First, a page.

Michelangelo's Mystery Man
While a trip to Italy may not be in your budget this winter, you can now easily satisfy your craving for acclaimed 16th century Florentine sculptures without having to leave the country. The newest guest at the National Gallery of Art in Washington D.C. is Michelangelo Buonarroti’s David-Apollo - a work which had previously visited the gallery over a half-century ago, in 1949.
The most recent initiative, “2013- The Year of Italian Culture,” coordinated by the Italian Minister of Foreign Affairs, Giulio Terzi di Sant'Agata, has precipitated the arrival of the marble wonder over the Atlantic, from its permanent home at the Museo del Bargello in Florence, and made it available for Renaissance art enthusiasts in the United States. The idea behind this exhibition is to expose its viewers to the richness of the Italian identity through the country’s culture- its art, music, literature, and more.
Buonarroti’s sculpture is effective in doing so, namely because of the way in which it extends an invitation to the viewer to ponder the mystery of its subject. The history behind the piece, “finished” in 1530, is well- known. The artist, a supporter of the Republican faction in Florentine politics, was forced to forego his partisanship in light of the growing Medici power. In order to gain the favor of Duke Cosimo I, Buonarroti created the David- Apollo for Baccio Valori, a governor associated with the Medici regime.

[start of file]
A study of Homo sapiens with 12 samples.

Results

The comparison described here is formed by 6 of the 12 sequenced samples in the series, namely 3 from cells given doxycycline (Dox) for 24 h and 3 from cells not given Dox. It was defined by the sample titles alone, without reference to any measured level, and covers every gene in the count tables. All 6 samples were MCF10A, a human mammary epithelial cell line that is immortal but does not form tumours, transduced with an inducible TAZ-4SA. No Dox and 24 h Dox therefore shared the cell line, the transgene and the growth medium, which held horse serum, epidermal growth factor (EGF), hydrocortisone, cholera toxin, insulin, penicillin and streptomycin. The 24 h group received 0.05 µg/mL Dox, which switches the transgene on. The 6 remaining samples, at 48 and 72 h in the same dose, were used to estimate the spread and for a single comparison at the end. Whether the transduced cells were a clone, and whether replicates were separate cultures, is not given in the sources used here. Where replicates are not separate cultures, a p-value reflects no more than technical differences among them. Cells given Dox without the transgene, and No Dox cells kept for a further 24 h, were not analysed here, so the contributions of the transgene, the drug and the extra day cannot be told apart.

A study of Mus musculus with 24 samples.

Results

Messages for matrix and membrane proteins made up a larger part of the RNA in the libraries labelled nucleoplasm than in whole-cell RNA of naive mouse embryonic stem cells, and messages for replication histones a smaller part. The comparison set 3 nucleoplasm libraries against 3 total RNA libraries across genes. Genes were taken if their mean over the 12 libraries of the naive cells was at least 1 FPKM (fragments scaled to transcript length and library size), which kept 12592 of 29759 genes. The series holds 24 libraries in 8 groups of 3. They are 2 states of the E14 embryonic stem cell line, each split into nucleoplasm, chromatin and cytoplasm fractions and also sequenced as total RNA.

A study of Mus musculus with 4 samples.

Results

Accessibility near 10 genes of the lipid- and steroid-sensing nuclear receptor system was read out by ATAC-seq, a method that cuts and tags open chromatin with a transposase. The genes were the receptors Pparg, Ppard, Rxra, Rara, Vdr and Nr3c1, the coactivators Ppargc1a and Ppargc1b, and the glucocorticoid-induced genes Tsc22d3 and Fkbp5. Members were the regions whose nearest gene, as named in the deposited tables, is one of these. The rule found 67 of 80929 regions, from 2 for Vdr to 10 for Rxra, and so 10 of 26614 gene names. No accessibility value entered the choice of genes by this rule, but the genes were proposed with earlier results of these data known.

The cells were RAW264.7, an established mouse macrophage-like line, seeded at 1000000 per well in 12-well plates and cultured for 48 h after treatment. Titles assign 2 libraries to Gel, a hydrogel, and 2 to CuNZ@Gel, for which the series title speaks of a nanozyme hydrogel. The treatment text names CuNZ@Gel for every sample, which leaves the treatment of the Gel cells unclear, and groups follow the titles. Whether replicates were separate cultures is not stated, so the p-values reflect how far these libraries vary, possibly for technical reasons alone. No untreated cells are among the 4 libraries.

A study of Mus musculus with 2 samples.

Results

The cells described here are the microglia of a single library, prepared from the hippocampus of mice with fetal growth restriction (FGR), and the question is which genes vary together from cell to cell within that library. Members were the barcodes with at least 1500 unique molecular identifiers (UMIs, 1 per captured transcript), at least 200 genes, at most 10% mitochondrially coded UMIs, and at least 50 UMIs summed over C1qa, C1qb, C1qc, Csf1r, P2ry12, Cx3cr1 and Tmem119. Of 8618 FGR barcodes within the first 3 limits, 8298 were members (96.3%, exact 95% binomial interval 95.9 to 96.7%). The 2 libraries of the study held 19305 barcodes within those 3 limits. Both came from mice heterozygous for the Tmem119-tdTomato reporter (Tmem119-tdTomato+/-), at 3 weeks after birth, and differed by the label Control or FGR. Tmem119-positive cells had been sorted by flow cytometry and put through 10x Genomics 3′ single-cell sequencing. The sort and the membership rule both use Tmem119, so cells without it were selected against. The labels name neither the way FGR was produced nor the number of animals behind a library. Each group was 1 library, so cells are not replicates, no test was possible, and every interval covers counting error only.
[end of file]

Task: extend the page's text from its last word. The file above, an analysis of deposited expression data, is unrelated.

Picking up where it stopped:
The sculpture’s role as a middleman for strengthening international relations was augmented after World War II, when it was brought to America to bolster cultural ties between the two countries. However, the identity of this “middleman” has never been confirmed, and for this reason it remains another one of Michelangelo’s “imprisoned souls”- one which the artist had almost succeeded in releasing. Were it not for two significant features, the marble man would be liberated from this eternal identity crisis, though this would come at the expense of the viewer’s participation in the guessing-game that makes the work so compelling.
The sculpture’s “spiraling pose,” also known as “serpentinata,” is not unusual among works from this time, and therefore would warrant both hypotheses as to the subject. The enigma lies in the unfinished portion of marble under the statue’s right foot- is it Goliath’s head (as would make sense in the case of the Biblical David) or an ordinary slab of stone? More interestingly, is the unchiseled shape on the man’s back representative of the sling of David, Florence’s adopted guardian against tyranny, or is it perhaps a quiver, where the Greek deity Apollo would have stored his arrow?
While Duke Cosimo I’s inventory supports the former proposition and art historian Giorgio Vasari leans towards the former solution, it is ultimately up to the viewer to decide. Don’t delay-take your turn playing detective this season-before the exhibition ends in March 2013.